A substantial majority of Americans appears to be firmly opposed to changing the definition of marriage, arguably society's most important institution. But an initiative drive launched on Tuesday across Arizona that would prohibit civil-union type legal protections and work-related benefits to domestic partners gives pause.
Marriage, rooted far back in prehistory, ought not be tinkered with to satisfy a minority that wants to do away with its fundamental “one man, one woman” application. But the Constitution does not turn its back on even a minority of one when that individual's civil liberties are threatened. That is what is meant by equal protection of the laws.
It has been argued credibly that the civil rights of gays and unmarried adult members of a household can be protected without changing the legal definition of marriage. The best way, it seems to us, is by recognizing civil unions in the manner that Vermont pioneered several years ago.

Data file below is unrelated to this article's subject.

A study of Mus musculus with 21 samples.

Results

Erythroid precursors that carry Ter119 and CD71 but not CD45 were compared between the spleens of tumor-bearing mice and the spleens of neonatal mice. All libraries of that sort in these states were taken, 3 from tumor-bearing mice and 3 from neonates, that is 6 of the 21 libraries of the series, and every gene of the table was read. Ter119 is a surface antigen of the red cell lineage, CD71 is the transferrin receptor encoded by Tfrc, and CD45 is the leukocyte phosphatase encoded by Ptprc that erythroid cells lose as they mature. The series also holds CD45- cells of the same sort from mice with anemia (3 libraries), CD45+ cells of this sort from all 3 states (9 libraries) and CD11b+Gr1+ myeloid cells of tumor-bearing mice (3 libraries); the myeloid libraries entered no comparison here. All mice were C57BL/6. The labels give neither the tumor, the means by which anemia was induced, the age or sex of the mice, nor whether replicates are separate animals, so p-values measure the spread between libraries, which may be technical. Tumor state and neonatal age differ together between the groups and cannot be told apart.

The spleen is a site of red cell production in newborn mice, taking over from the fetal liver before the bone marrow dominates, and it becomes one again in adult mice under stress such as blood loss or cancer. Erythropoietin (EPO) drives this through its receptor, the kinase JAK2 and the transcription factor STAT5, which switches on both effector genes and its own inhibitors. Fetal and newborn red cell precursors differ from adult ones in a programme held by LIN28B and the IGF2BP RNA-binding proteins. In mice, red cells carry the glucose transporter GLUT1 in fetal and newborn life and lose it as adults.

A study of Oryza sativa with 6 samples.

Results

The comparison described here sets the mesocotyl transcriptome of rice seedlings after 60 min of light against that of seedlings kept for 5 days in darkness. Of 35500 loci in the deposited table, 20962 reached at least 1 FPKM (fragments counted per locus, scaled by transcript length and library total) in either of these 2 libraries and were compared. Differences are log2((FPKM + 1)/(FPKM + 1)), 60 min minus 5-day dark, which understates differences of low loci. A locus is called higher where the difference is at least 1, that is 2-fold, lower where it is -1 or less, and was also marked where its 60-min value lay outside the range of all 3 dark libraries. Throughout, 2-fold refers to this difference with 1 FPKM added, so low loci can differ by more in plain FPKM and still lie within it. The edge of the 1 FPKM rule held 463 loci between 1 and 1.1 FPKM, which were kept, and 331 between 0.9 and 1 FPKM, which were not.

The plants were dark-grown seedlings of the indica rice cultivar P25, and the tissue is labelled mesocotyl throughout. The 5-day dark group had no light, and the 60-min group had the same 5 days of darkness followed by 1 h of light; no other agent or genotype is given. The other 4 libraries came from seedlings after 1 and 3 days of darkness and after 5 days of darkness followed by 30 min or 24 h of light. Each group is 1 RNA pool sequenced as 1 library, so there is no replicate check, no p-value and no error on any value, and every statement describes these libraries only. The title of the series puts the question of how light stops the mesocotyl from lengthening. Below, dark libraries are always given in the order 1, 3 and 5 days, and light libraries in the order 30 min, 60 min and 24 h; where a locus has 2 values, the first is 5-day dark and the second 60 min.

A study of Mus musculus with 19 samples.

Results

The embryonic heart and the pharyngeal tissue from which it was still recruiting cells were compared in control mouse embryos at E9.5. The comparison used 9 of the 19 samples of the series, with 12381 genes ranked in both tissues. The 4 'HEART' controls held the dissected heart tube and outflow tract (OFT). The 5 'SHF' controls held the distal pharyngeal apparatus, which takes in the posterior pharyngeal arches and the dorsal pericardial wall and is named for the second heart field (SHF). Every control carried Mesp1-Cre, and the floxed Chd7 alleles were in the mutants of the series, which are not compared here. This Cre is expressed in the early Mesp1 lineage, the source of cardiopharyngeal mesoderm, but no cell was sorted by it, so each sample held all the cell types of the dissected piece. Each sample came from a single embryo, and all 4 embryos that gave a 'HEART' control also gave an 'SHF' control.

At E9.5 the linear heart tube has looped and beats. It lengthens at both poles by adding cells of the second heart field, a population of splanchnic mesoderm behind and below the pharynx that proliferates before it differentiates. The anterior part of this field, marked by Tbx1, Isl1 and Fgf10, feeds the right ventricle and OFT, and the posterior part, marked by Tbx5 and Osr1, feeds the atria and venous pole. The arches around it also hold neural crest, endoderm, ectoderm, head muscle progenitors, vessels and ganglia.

But the Protect Marriage in Arizona initiative would have none of that. No gay marriage, no civil unions. In fact, it would ban protections of any kind offered by local governments to their employees for domestic partners, whether they are homosexual or heterosexual.
That not only is unnecessary to “protect marriage,” it is a mean-spirited attempt to punish a minority of citizens for a way of life deemed sinful by accusers whose own lives are affected not a whit by it.
Like most other states, Arizona has reaffirmed the definition of marriage as a union between one man and one woman. But Arizona also has a long and honored tradition of libertarian-style conservatism that aims to keep government out of our personal lives.
Arizona's conservatism was most eloquently articulated and championed by Barry Goldwater, who was as suspicious of the religious right as he was of the bleeding-heart left. Even after his long, influential career in the U.S. Senate, when the rest of his Republican party was grousing about then-President Clinton's “don't ask, don't tell” policy on gays in the military, Goldwater offered with characteristic wit that he didn't care who served in the military, “as long as they can shoot straight.”
As the staggering divorce rate shows, the institution of marriage could use some strengthening. This initiative won't do that. Nor will it force gay people to go straight. What it will do is impose a needless and onerous hardship on domestic partners, regardless of sexual preference, who had begun to win some support for legal protections that can make a household a bit more secure and stable.
That's just plain wrong and it should be stopped.